Traditional Chinese medicine
It is one of the 50 fundamental herbs used in traditional Chinese medicine, where it has the name huáng cen (Chinese: 黄芩). As a Chinese traditional medicine, huang qin usually refers to the dried root of S. baicalensis Georgi, S. viscidula Bge., S. amoena C.H. Wright, and S. ikoninkovii Ju.
It is important to use the Latin name, as the term skullcap is used for over 200 varieties, and various ailments, each with varying degrees of effectiveness. Sometimes, Scutellaria lateriflora (North American skullcap) is mistaken for S. baicalensis. This confusion can result in the intake of the S. lateriflora variety which can be processed and contaminated with other plants at high enough levels to be of concern.
- Piper methysticum (kava), another anxiolytic GABAergic plant
- Valeriana officinalis (valerian), a sedative GABAergic plant
- "Scutellaria baicalensis information from NPGS/GRIN". USDA. Retrieved 2008-02-19.
- Zhang XW; Li WF; Li WW; Ren KH; Fan CM; Chen YY; Shen YL (2011). "Protective effects of the aqueous extract of Scutellaria baicalensis against acrolein-induced oxidative stress in cultured human umbilical vein endothelial cells". Pharm Biol. 49 (3): 256–261. doi:10.3109/13880209.2010.501803. PMID 20979538.
- Isolation and purification of baicalein, wogonin and oroxylin A from the medicinal plant Scutellaria baicalensis by high-speed counter-current chromatography. Hua-Bin Li and Feng Chen, Journal of Chromatography A, 13 May 2005, Volume 1074, Issues 1–2, pages 107–110, doi:10.1016/j.chroma.2005.03.088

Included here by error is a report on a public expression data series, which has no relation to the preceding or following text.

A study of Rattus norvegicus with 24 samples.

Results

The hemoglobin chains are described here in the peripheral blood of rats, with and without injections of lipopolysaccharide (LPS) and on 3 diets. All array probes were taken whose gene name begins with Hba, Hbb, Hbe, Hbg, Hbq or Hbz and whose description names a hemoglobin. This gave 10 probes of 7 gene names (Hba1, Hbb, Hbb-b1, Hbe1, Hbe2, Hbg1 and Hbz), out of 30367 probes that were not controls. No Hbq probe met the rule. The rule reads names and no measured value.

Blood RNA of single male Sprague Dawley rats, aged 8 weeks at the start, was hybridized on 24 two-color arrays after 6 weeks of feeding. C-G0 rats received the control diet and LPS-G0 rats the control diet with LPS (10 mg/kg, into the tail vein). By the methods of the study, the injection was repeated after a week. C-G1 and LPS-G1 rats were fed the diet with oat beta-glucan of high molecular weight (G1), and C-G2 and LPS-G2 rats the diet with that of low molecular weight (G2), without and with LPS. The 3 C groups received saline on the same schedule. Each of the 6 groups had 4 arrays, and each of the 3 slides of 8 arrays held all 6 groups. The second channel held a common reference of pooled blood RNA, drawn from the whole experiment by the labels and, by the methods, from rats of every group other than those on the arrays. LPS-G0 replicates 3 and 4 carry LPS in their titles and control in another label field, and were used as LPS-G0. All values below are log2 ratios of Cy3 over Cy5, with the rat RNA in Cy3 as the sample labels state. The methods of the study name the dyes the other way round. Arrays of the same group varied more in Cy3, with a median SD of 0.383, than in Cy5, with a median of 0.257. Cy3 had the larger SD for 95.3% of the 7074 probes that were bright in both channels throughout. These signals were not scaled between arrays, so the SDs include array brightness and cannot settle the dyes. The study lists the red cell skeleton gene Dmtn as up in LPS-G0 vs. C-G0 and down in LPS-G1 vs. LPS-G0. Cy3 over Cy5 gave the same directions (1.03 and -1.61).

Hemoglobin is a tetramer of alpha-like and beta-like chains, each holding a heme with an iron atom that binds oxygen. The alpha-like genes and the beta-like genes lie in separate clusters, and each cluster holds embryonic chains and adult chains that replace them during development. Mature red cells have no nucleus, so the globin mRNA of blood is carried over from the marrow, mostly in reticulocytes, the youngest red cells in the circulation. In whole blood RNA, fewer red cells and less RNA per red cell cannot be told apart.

- Yang LX, Liu D, Feng XF, Cui SL, Yang JY, Tang XJ, He XR, Liu JF, Hu SL (2002). "[Determination of flavone for Scutellaria baicalensis from different areas by HPLC]". Zhongguo Zhong Yao Za Zhi (in Chinese). 27 (3): 166–70. PMID 12774393.
- Scutellaria baicalensis (Plants for a Future)
- Sung Mun Jung et al., Reduction of urate crystal-induced inflammation by root extracts from traditional oriental medicinal plants: elevation of prostaglandin D2 levels, Arthritis Research & Therapy, 9:R64 2007. doi:10.1186/ar2222. Considers anti-inflammatory properties of dried roots from the species Angelica sinensis (Dong Quai), Acanthopanax senticosus (now known as Eleutherococcus senticosus, or Siberian Ginseng), and Scutellaria baicalensis (Baikal Skullcap).